Q: It seems to be becoming more common for affluent Minnesota retirees to live in another state for six months and a day to avoid paying Minnesota state income tax on their pensions and investments. How is this tracked for compliance?
A: “It’s a good question,” said Ryan Brown, a spokesman for the Minnesota Department of Revenue. “The 183 day (6 month) rule does apply when it comes to residency.”
The 183-day rule most directly applies to determining who is unquestionably obligated to file a state income tax return. The rule is one of two parts of a residency test under state tax law. If someone spends 183 days in Minnesota — and being in the state for part of a day counts toward the total — they’ve triggered Part 1 of the test. And if they have a place to live in Minnesota, they’ve triggered Part 2.
The second part of that two-step determination of residency is defined like this on the Revenue Department website: “You or your spouse rent, own, maintain, or occupy an abode. An abode is a residence in Minnesota suitable for year-round use and equipped with its own cooking and bathing facilities.”
So if you meet the two-part test, you must pay state income taxes.
Logic might suggest, then, that if someone fails either part of the two-part Minnesota residency test, they’re not a Minnesota resident and aren’t required to file a state income tax return. But this is tax law, and it’s not — surprise, surprise — as simple as that.
It’s sort of like what Ask Us Guy learned many years about logical fallacies from Larry the Cucumber and Bob the Tomato while watching “Veggie Tales.” Larry the Cucumber noted that “The lady at the zoo said it — and who am I to tell her that’s she’s wrong? — ‘If there’s a tail, it’s a monkey. No tail, ape.’”
Which led Larry to wrongly conclude that a camera or a salad or a pillow, which don’t have tails, were therefore apes. And Bob the Tomato could not dissuade Larry of the belief that kites and comets, since they possess tails, are actually monkeys.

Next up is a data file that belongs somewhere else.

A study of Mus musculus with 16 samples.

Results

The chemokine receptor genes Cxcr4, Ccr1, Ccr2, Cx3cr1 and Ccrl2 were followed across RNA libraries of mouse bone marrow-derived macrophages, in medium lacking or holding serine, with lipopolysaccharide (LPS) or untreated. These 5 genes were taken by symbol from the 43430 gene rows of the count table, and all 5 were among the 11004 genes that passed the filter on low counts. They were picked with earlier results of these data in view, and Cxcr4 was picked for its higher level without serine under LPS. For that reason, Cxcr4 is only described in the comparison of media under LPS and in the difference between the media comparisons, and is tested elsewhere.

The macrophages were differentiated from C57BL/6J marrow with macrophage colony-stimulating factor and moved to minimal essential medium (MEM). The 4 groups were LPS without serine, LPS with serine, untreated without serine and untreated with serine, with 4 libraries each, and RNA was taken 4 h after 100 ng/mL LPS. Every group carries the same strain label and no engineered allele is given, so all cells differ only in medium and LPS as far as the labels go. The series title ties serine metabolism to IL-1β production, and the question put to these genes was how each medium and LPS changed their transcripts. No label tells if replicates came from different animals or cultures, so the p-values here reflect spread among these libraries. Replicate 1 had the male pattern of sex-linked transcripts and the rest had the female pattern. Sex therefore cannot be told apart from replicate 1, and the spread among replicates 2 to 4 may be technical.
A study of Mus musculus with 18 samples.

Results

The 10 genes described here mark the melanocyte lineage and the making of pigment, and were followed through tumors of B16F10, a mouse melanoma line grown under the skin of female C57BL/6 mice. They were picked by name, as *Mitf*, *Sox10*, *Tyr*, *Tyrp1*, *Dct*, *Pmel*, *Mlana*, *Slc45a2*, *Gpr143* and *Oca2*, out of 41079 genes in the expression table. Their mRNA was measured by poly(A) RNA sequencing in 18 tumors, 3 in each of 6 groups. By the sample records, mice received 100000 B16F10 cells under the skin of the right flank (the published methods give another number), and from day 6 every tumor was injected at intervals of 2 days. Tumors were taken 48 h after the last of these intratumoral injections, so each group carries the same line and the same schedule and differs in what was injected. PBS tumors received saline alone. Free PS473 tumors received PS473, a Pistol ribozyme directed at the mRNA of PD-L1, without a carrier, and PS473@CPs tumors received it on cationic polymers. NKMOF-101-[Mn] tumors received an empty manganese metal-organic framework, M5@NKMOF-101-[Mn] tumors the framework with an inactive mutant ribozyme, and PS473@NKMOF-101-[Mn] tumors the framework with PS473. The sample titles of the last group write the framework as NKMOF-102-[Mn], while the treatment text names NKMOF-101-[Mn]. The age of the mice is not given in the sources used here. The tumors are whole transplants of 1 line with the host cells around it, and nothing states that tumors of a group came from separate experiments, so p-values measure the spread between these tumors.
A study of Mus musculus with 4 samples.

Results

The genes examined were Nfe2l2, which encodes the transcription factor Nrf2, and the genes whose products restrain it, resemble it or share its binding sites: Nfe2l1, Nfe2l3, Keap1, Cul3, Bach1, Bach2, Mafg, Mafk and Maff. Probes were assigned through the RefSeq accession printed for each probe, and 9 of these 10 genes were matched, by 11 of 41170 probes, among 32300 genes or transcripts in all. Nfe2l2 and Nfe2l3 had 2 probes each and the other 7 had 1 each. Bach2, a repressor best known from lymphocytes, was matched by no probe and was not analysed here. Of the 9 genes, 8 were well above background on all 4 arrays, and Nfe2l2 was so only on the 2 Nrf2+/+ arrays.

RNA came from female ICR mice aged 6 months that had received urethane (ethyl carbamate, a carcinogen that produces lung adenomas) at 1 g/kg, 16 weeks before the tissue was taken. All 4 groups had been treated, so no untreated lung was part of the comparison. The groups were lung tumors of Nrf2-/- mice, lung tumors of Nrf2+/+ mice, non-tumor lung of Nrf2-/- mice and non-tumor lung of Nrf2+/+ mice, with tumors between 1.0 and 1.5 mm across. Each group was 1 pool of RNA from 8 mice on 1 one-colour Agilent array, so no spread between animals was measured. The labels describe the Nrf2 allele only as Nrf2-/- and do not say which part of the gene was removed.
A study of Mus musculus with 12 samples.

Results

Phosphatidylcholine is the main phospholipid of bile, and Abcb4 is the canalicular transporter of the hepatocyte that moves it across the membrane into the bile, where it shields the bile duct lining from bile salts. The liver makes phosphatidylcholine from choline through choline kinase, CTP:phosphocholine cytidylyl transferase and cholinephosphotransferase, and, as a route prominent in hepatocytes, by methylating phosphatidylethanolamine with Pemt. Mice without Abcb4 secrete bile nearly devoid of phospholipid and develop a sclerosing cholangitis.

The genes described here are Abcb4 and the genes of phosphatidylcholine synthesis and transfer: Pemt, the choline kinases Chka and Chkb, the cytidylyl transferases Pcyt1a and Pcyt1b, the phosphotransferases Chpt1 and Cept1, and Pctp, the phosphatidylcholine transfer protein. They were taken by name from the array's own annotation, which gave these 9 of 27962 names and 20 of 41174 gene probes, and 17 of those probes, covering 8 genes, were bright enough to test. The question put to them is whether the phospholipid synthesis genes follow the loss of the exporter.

People with a home in Minnesota could find themselves on the losing end of an audit if they start thinking like Larry the Cucumber and assume that failing the Minnesota residency test by living 51% of the year down South means that they are not a Minnesota resident. More than a single characteristic goes into establishing whether a creature is a monkey, an ape or a Minnesotan.
“When determining residency we look at several domicile factors,” Brown said, pointing Ask Us Guy to another part of the Revenue website. “We consider a variety of factors and no single factor will determine their domicile.”
A person can spend 100% of the year living outside of Minnesota’s borders and still be a Minnesotan under tax law “if you move out of Minnesota, but do not intend to permanently remain in another state or country,” according to the website.
The “variety of factors” mentioned by Brown is a long list, and “physical presence — where you spend the majority of your time” is at the top. But other factors can offset that, including where you keep most of your stuff, where your spouse and kids live, where you’re a member of a club or an organization or a church, and where you or family members attend school and whether in-state tuition was charged.
The list of tests applied by the Department of Revenue in determining whether you need to pay Minnesota income taxes goes on and on.
Where do you have a job or a union membership or a professional license? Where do you own real estate? Where do you have business relationships? What’s the value of your home in Minnesota versus the value of your residence in another state? What’s the address on your driver’s license? Where are you registered to vote? Are you paying the non-resident fee for your Minnesota fishing or hunting license? What do you tell your insurance company when asked where you live?
All of those things and more could come into play if you’re audited. And the Revenue Department is not talking when it comes to what can trigger an audit.
“The selection criteria we use to determine audits — any audit, not just residency audits — is nonpublic information,” Brown said.
Bottom line: Burrowing more than half the year outside of Minnesota doesn’t automatically mean you’re no longer a Gopher. (Also, a gopher is not a monkey just because it has a tail.)
One last thing, although it probably won’t be of a lot of use to the conclave of onetime Minnesotans congregating in Naples, Florida, during the cold half of the year.
The whole state residency thing doesn’t matter for Minnesota tax purposes if your gross income is less than $12,400 because people below that threshold don’t have to file a return anyway.
Contact Ask Us at The Free Press, 418 S. Second St., Mankato, MN 56001. Call Mark Fischenich at 344-6321 or email your question to email@example.com; put Ask Us in the subject line.